Daniil Medvedev ‘feels sorry for all the Ukrainian players and what they go through’
Russia’s Daniil Medvedev said he feels sorry for Ukrainian players as tensions over the war’s impact on tennis came to the fore in Indian Wells.
Ukrainian Lesia Tsurenko withdrew ahead of her scheduled clash with Belarusian Aryna Sabalenka on Monday, revealing later that she had a panic attack after a conversation with WTA chief Steve Simon over its response to the invasion of her country.
Russian player Anastasia Potapova, meanwhile, has been warned by the WTA after wearing a Spartak Moscow football shirt ahead of her clash with Jessica Pegula earlier this week.
Medvedev, the highest profile Russian player currently in tennis, said after reaching the semi-finals: “I definitely do feel sorry for all the Ukrainian players and what they go through. For sure, the situation with Tsurenko, I don’t know in detail. It’s more for her and for maybe a little bit Sabalenka to answer.”
Russian and Belarusian players have been criticised for not publicly coming out against the war in Ukraine in greater numbers, and Medvedev again talked only in vague terms about the situation.
“Talking about top players, of course we have a responsibility, and it depends how every person, individual, will do with it and will hold with it,” he said. “I always said the same, I’m for peace all over the world, and that’s all I can say.”
READ MORE: Ukraine’s Elina Svitolina begs Wimbledon to maintain ban on Russian and Belarusian players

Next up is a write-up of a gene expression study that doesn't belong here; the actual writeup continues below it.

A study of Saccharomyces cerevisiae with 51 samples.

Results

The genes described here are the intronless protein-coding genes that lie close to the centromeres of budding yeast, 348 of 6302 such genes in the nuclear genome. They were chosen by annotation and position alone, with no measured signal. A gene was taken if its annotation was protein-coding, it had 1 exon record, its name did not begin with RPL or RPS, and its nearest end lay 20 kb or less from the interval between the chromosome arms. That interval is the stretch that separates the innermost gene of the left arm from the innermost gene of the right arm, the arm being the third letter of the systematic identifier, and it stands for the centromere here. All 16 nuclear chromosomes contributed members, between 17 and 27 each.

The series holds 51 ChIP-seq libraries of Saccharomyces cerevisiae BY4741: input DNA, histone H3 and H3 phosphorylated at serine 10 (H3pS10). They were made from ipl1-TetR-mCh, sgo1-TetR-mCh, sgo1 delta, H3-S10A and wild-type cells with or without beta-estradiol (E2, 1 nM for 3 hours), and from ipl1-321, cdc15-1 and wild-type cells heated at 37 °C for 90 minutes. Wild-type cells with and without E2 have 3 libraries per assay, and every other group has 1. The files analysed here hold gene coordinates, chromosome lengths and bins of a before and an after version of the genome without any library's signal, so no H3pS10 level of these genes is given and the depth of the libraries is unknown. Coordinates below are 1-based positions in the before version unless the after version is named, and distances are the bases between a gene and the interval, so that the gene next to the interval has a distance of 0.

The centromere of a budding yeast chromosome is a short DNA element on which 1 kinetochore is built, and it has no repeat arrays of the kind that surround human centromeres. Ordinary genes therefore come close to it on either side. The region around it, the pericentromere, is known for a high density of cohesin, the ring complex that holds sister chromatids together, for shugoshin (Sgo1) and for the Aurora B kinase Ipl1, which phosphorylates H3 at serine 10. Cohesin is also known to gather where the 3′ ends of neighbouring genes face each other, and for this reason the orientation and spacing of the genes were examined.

Women’s world No 1 Iga Swiatek has seen up close the effects of the conflict in her country, Poland, which neighbours Ukraine.
She has been outspoken in calling for more support for Ukrainian players and urged tennis to change its approach after defeating Emma Raducanu in the fourth round.
“For sure it’s a tough situation,” she said. “For me, it’s pretty emotional because I feel like these situations are happening, like with people that are wearing a Russian team football T-shirt, because at the beginning we didn’t have proper leadership to guide us through all of that, and there is a lot of tension in the locker room.
“But maybe it should be a little bit less if WTA put some action at the beginning to kind of explain to everybody what is right and what is not.
“I totally understand why (Tsurenko) withdrew, because I respect Ukrainian girls so much. If a bomb landed in my country or if my home was destroyed, I don’t know if I could handle that, honestly, and play on the WTA and compete.
“I feel there should be done a little bit more to help Ukrainian players, because I feel like everything we discuss in tennis is more about Belarusian and Russian players, if they should be allowed, what’s going on with them.
“It’s unfortunate that some people were born in countries that make the war, but I feel like they should be more responsible sometimes.”
Wimbledon organisers will no doubt be following the situation closely as they prepare to make a final decision on whether to lift the ban on Russian and Belarusian players for this year’s tournament to bring them in line with the rest of the sport.